Consumers continue to dump their cable and satellite subscriptions at an accelerated pace as the industry continues to see a fall in earnings across the board and for the first time ever, more people are watching on streaming than on cable.
According to the Hollywood Reporter, earnings are down for the second quarter.
“The second quarter of 2022 marked the second consecutive quarter with over 1.9 million net pay-TV losses,” stated Bruce Leichtman, who runs Leichtman Research Group, the Reporter noted. “Over the past year, top pay-TV providers had a net loss of about 5,425,000 subscribers, compared to a net loss of about 4,550,000 over the prior year.”
The analysis found that every major provider lost subscribers and revenue.
Pay-TV Cord-Cutting Accelerates As Cable and Satellite Providers See Losses Across the Board https://t.co/xg5GERHDWS
— The Hollywood Reporter (@THR) August 16, 2022
Comcast, Charter, Cox, Altice, DirecTV, Dish, Verizon and Hulu’s live TV, all lost subscribers. Comcast was down a whopping 500,000 subscribers while DirecTV was down 400,000.
Wells Fargo analyst Steven Cahall add that the 2,256,000 decline on subscribers is the worst fall on record. Cahall also noted that the industry has retracted from its original saturation point seen back in 2015.
“From a peak of more than 100 million in 2015,” Cahall wrote, “pay TV subs are now about 82.5 million, and we estimate penetration to be around 55 percent of TV households, down from a peak of 81 percent.”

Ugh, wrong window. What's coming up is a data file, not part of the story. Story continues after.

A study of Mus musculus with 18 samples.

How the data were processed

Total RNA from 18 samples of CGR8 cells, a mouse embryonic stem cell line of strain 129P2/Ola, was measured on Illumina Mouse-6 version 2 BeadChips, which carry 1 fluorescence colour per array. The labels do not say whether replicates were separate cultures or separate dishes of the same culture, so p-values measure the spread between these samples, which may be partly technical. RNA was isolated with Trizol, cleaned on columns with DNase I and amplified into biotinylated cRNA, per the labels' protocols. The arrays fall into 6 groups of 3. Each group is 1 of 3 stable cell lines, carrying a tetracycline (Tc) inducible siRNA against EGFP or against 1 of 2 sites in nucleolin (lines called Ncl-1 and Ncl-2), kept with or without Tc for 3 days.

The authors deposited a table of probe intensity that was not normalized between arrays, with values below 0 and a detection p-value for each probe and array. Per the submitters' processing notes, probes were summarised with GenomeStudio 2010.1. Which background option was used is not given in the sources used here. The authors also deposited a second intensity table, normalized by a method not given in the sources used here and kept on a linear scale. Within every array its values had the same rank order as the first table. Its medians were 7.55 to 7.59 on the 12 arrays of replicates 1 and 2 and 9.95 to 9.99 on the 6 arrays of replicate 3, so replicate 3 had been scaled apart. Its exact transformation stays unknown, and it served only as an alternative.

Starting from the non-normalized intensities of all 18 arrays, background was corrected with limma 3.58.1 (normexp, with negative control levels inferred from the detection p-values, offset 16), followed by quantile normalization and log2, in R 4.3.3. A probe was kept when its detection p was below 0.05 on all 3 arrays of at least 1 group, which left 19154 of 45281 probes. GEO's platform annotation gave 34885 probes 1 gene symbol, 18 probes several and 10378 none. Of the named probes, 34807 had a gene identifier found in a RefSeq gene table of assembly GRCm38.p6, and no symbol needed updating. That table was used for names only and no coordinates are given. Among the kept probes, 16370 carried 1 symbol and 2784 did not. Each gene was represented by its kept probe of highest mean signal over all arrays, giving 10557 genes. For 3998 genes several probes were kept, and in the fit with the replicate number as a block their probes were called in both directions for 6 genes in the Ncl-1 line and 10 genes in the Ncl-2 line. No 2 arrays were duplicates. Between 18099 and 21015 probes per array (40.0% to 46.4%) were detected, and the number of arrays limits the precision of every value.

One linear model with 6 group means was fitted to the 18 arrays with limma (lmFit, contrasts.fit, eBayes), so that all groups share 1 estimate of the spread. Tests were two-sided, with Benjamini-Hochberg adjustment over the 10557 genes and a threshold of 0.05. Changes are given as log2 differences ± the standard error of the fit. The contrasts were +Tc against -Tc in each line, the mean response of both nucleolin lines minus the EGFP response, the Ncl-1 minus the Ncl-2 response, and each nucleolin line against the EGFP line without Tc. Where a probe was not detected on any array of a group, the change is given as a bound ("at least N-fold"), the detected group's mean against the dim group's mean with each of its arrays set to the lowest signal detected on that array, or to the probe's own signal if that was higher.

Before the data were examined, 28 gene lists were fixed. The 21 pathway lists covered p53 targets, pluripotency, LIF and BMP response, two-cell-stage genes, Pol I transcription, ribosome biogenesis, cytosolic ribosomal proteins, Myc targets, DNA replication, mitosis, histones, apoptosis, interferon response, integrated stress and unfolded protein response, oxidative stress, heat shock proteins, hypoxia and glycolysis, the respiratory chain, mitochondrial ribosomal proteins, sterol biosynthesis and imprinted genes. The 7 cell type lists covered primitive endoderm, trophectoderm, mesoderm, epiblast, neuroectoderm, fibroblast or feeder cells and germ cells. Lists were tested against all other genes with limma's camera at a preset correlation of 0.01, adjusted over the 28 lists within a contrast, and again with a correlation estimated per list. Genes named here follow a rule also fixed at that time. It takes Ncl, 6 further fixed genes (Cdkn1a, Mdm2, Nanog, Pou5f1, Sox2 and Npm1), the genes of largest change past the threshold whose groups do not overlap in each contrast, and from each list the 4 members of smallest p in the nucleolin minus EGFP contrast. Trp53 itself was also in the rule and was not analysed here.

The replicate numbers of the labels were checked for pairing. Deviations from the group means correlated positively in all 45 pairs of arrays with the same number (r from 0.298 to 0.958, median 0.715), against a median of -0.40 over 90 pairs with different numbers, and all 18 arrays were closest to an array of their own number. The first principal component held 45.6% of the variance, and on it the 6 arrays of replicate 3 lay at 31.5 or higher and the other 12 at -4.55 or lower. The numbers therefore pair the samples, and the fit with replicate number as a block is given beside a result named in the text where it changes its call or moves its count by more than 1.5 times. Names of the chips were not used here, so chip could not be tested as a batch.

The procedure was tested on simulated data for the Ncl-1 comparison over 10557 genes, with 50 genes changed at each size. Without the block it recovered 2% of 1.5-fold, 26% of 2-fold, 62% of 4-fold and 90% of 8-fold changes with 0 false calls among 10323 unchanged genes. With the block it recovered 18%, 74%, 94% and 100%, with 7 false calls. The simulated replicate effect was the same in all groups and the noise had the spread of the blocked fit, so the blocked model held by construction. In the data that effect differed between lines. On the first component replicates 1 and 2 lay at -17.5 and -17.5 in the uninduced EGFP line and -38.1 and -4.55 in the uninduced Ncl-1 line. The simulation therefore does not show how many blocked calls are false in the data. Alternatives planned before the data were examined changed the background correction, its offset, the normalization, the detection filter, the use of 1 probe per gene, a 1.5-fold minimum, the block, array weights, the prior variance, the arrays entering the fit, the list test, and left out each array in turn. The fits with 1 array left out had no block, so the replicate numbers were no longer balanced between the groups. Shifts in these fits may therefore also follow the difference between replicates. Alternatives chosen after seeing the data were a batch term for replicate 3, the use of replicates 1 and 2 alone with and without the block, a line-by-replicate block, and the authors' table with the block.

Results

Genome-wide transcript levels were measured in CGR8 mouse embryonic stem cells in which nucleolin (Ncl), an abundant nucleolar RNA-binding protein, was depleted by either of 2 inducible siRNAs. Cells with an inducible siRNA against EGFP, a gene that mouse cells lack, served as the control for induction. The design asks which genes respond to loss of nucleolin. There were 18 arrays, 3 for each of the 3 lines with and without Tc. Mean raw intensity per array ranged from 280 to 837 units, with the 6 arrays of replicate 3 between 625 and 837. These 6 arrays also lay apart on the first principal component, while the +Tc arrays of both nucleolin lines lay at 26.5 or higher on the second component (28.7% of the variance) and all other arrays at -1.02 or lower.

Cahall went on to project an even larger drop in 2023 to 6.7 percent while 2024 will likely see a 6.9 percent decline.
The analyst concluded saying that cord-cutting has worse financial consequences for Fox Corp., Paramount Global, and AMC Networks due to their lack of diversity compared to companies such as Comcast and Disney.
“We think EBITDA sensitivity is highest for Fox, Paramount and AMC Networks,” Cahall said, “with around 1 percent per annum worsening to annual cord cutting negatively impacting calendar year 2024 EBITDA by 6 percent, 5 percent and 3.5 percent, respectively. These media names have little/no offsets to cord cutting.”
Finally, to compound the bad news for cable providers, for the first time ever more Americans have turned to streaming services for their entertainment than cable.
Streaming rose to 34.8% of total TV consumption in July, up about 23% since year and became the top way people get their entertainment. Meanwhile, cable and broadcast viewership both dropped, with the cable figuring in at 34.4% of viewing and broadcast came in at just 21.6%. Both are down around 10% over July of last year, according to CNN Business.
Streaming has briefly eclipsed broadcast TV before, but this is the first time it has beaten both broadcast and cable, Nielsen reported.